Dot plots are a space efficient way to compare values within one category split by a secondary category.
The clustered bar chart below compares levels of caffeine in cups of coffee from five different outlets (where data is available) across three different types of coffee: Cappuccino, Filtered and Single-shot Espresso.
I’ve omitted the x-axis as every bar is labelled.
The bar chart does its job well. It’s easy to compare values across outlets for each category of coffee. In the Cappuccino category, Starbucks has the lowest level of caffeine and Costa has the highest (five times more, in fact!).
However, those 13 bars do bring a lot of digital ink with them.
It’s also slightly cumbersome to compare across categories. For example, what are the caffeine levels for the three Starbucks drinks or the three Greggs drinks and how do they compare? It is possible to make that comparison, of course, but I find it takes more energy, traversing over all the other bars that are ‘in the way’.
This is where a dot plot can help. It essentially overlaps all the bars within each category and then just keeps the ends of the bars:
In the above form, it’s actually a strip plot. To turn it into a dot plot we change the marks from lines into dots:
Finally, to make it clear which dots are related within each category, the dots are connected with a line:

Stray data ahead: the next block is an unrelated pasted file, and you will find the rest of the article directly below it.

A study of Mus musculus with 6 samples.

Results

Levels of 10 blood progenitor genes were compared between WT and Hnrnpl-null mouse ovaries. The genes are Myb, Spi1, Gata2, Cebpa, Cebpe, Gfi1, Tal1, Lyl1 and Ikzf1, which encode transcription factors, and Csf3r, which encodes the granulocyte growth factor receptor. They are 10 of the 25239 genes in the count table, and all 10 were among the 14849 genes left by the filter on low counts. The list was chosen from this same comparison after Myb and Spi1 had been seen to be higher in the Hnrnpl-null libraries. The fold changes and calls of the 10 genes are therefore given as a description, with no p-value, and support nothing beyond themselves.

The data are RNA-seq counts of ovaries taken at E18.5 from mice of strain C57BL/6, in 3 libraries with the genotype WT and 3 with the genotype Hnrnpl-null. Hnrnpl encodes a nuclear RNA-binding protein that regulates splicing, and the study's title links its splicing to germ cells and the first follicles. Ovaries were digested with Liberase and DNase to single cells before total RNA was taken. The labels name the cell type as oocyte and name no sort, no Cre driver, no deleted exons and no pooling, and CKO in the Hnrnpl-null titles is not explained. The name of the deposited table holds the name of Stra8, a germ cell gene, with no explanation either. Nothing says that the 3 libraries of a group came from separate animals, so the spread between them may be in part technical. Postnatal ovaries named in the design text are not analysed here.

Now comparing the three Starbucks’ values across categories is easier and there’s no negative effect in comparing values across outlets within the same category. Where that second comparison could become an issue is if they have the same or very similar values, in which case, you can look at jittering the marks slightly or using some level of transparency and adding labelling. As always, it will depend on your data and use case.
Another advantage of dot plots (which isn’t relevant in the above example) is that if all your values are large, you don’t need to keep all the dots (previously bar ends) out to the right. Bars need to all have a zero baseline but dot plots do not – the axis can start from a non-zero value, so the dots can be more spaced out making the differences between them easier to discern.
For a recent #MakeoverMonday challenge, I used the above chart with some extra formatting and an image for context. I also extended the connecting line to display across the full width of the chart, mostly for aesthetic purposes. Here’s the final visual:
You can interact with or download the workbook from my Tableau Public profile.
The screenshot, below, shows the arrangement of pills in Tableau to create the standard dot plot shown earlier:
I’ll make a step-by-step video guide on making the above chart in Tableau soon, which I’ll add to my YouTube channel when complete.
Thanks for reading,
Latest YouTube video
This video tutorial steps through how to create a dot plot in Tableau.